Two similar programs in Kenya and Malawi—based on the best evidence on what works to help students learn to read—adopted similar interventions but had vastly different outcomes.
Kenya’s Tusome program and Malawi’s Early Grade Reading Activity (EGRA) program implemented structured lesson plans for teachers, student books, ongoing training and support for teachers, and the use of student assessments to track learning. This approach, commonly referred to as structured pedagogy, is regarded as one of the most cost-effective interventions to improve student learning. Both were expected to yield changes in teacher practices, as well as improvements in student learning outcomes, but only one did.
Why did similar programs have different outcomes?
Halfway through the Tusome program, the percentage of learners who read fluently in English more than doubled from 12% to 27%. And by the end of the program, students in grades 1 and 2 improved their reading in Kiswahili by the equivalent of roughly three to five years of schooling.
Despite similar goals and interventions, the Malawi EGRA program yielded no significant impact. Why? While the two programs adopted a similar package of interventions, the programs differed greatly in how they enabled teachers to adopt and sustain improved teaching practices.
User-friendly lesson plans
Evaluations of the Tusome program reveal that teachers adhered closely to the teacher’s guides to deliver high-quality lessons. On the other hand, the evaluation of the Malawi program notes that not all teachers used the lesson plans, and the teachers who used them often made significant modifications that decreased the quality of the lessons.
A closer look at the guides reveals potential reasons for this difference. A grade 1 lesson plan in Chichewa for the Malawi program averaged 16 activities per class, compared to seven activities per class in Tusome. In the Tusome teacher’s guides, each lesson plan was one page, except for the first week, when teachers were provided an additional page of instruction per lesson. Lesson plans in the Malawi EGRA program were usually three to four pages in length, occasionally even reaching five or six pages per lesson.
For simplicity, the Tusome teacher’s guide included a picture of the relevant page in the student book within each lesson plan that teachers could reference, while teachers in the Malawi program had to go back and forth between the student book and the teacher’s guide during the lesson. The Tusome program included explicit training on the use of the guides and included continuous classroom support focused on the daily implementation of the lesson plans.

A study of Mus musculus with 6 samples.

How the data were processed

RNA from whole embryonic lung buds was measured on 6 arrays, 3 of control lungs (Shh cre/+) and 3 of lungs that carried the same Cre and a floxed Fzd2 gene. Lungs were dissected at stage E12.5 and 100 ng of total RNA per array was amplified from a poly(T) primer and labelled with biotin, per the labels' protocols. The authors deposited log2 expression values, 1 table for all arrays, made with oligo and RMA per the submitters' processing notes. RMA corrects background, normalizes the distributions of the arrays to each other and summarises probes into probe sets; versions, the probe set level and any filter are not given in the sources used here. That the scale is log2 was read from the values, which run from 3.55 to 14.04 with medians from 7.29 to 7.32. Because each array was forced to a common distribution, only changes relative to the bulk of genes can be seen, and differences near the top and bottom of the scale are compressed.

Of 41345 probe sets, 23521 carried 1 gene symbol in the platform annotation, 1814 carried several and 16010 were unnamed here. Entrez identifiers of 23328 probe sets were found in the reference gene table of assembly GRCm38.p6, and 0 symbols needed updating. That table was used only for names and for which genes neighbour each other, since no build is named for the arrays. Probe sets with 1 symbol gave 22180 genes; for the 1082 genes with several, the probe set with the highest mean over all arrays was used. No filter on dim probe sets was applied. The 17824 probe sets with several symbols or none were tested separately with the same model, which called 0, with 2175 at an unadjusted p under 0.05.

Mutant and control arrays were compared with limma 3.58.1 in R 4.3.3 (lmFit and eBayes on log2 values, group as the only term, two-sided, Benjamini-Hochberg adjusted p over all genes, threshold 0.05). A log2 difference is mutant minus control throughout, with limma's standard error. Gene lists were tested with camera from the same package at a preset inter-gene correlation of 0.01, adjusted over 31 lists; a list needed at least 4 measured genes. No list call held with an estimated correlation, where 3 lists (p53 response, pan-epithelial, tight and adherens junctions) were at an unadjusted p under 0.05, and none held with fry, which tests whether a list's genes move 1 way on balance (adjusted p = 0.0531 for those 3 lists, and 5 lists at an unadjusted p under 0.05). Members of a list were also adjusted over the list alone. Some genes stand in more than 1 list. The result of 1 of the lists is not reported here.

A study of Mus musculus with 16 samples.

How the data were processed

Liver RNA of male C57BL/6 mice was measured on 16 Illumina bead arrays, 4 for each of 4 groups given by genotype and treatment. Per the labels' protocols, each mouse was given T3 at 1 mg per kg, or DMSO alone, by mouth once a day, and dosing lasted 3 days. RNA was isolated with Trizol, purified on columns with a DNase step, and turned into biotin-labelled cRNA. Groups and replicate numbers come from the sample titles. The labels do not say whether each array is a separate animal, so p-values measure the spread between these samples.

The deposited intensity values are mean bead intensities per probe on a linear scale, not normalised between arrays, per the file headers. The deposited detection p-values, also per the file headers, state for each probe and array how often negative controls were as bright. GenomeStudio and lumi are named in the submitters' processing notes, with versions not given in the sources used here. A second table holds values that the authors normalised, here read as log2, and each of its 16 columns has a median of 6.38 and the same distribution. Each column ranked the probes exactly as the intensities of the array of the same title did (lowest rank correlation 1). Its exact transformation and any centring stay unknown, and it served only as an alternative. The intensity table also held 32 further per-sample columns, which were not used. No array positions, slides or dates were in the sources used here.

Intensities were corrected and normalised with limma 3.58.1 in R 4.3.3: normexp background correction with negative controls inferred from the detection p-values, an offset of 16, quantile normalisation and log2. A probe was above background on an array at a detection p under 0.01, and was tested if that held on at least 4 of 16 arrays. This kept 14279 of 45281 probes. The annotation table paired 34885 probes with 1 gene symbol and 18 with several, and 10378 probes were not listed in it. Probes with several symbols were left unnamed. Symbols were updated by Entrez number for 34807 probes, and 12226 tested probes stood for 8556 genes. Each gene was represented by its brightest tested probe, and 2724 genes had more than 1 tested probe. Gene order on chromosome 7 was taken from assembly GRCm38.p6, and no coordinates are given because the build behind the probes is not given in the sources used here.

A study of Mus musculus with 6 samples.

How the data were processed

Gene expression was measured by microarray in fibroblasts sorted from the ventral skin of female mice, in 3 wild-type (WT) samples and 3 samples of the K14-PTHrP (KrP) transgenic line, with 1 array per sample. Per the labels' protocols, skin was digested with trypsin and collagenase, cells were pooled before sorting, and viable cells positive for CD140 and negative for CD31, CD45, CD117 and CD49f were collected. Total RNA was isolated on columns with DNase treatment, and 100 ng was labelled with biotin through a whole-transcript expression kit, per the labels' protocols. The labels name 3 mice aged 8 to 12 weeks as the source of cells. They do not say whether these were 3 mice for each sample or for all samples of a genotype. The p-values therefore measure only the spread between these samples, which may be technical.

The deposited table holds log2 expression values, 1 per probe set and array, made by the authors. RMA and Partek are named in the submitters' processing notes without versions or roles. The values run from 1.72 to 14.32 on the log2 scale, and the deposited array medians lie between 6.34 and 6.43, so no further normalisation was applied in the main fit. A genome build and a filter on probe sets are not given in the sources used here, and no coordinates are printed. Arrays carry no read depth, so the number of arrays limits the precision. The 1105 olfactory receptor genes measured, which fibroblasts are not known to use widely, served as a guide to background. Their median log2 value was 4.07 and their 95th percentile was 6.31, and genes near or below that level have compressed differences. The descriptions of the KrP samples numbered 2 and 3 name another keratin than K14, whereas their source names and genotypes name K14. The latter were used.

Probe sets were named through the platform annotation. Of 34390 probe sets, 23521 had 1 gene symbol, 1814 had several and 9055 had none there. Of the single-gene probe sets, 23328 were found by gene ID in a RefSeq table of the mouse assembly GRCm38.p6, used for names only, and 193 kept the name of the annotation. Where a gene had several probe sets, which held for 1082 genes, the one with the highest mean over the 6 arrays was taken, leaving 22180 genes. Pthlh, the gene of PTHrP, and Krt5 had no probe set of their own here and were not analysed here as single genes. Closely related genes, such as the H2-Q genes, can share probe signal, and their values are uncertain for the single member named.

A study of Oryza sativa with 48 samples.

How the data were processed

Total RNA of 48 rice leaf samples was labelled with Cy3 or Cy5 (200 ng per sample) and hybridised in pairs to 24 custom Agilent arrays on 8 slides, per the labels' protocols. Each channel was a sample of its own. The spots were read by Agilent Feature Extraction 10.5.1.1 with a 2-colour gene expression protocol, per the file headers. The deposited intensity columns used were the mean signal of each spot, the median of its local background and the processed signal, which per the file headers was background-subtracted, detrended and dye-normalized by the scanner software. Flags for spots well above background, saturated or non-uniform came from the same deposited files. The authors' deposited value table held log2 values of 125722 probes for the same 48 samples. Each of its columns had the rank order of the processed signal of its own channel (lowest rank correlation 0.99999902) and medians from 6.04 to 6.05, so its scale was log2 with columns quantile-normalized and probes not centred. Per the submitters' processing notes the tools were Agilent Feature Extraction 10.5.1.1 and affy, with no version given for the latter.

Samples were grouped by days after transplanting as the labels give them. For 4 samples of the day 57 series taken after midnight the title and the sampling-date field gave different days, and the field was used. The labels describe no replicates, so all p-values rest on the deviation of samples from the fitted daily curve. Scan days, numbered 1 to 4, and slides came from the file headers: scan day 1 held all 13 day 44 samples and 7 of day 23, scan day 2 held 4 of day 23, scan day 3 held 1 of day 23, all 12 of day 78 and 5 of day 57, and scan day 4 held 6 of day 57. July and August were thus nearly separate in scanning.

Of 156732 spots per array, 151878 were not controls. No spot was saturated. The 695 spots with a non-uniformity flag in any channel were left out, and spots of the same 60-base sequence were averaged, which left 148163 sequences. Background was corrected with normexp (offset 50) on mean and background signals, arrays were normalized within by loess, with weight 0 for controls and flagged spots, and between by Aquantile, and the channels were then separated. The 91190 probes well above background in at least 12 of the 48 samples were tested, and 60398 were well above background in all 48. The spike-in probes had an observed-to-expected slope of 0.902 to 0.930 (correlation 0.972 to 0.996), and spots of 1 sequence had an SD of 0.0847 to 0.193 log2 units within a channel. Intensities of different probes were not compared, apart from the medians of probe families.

Example of a lesson plan page from the Tusome program in Kenya
Lesson sequencing matters
The impact evaluation of the Malawi program suggests that more meaningful practice could have resulted in higher uptake of the teacher’s guides. A final difference relates to how teachers were motivated to use the guides. The Tusome program’s design enabled teachers to quickly see the progress in their students’ learning by sequencing content in a way that helped students learn words they could use right away. Teachers also received regular updates on learning data through an instructional coach, which helped motivate the continued use of the guides.
These differences—even just the ones centered around the lesson guides for teachers—demonstrate how the two seemingly similar programs actually differed greatly in how they enabled teachers to adopt new teaching practices. The examples underscore that the success of teacher policy relies on the extent to which the policy enables, supports, and empowers teachers to adopt changes that lead to improved teaching and learning.
Financial and political considerations
Effective teacher policies need to be implemented at scale and sustained over time. For policies to work at scale and over time, policymakers and politicians must consider whether a given policy is operationally feasible at scale in terms of financial and material resources. They also need to consider whether management capacity needed to implement them in the short and long term is available, as well as whether the policy has a high-level of political commitment and buy-in across broad coalitions. At the same time, they should also inquire whether they have the right data and data systems available to help diagnose, monitor, prioritize, adapt, and improve the policy.
For any teacher policy to succeed, it is essential to consider how teachers will experience it and what barriers they could face in adopting the specific changes targeted by the policy. Further, it is not enough to consider barriers at the individual level, but also at the system level, as the policies will need to be implemented at scale and sustained over time. Looking at teacher policies through this lens helps us understand why some programs enable change to take root, successfully improving the teaching and learning experience in the classroom, and why others do not. Ultimately, teacher policy design and implementation must be grounded in a deep understanding of how teachers experience these policies, and what is required for systems to effectively scale and sustain these policies.
These are the key themes explored in our report, Making Teacher Policy Work, which will be launched on November 13, 2023, at 9:30 am EST. A two-page summary of the report is available in English, Spanish, French, Arabic, and Portuguese.
Register here if you want to learn more about the report and obtain new perspectives on questions such as: Why do pay for performance programs often fail to improve student learning? How can policymakers address global teacher shortages? How can teacher professional development most effectively support teachers to adopt new practices, including the use of technology, to improve their lessons? If you’re not based in Washington, D.C., the event will be live-streamed here.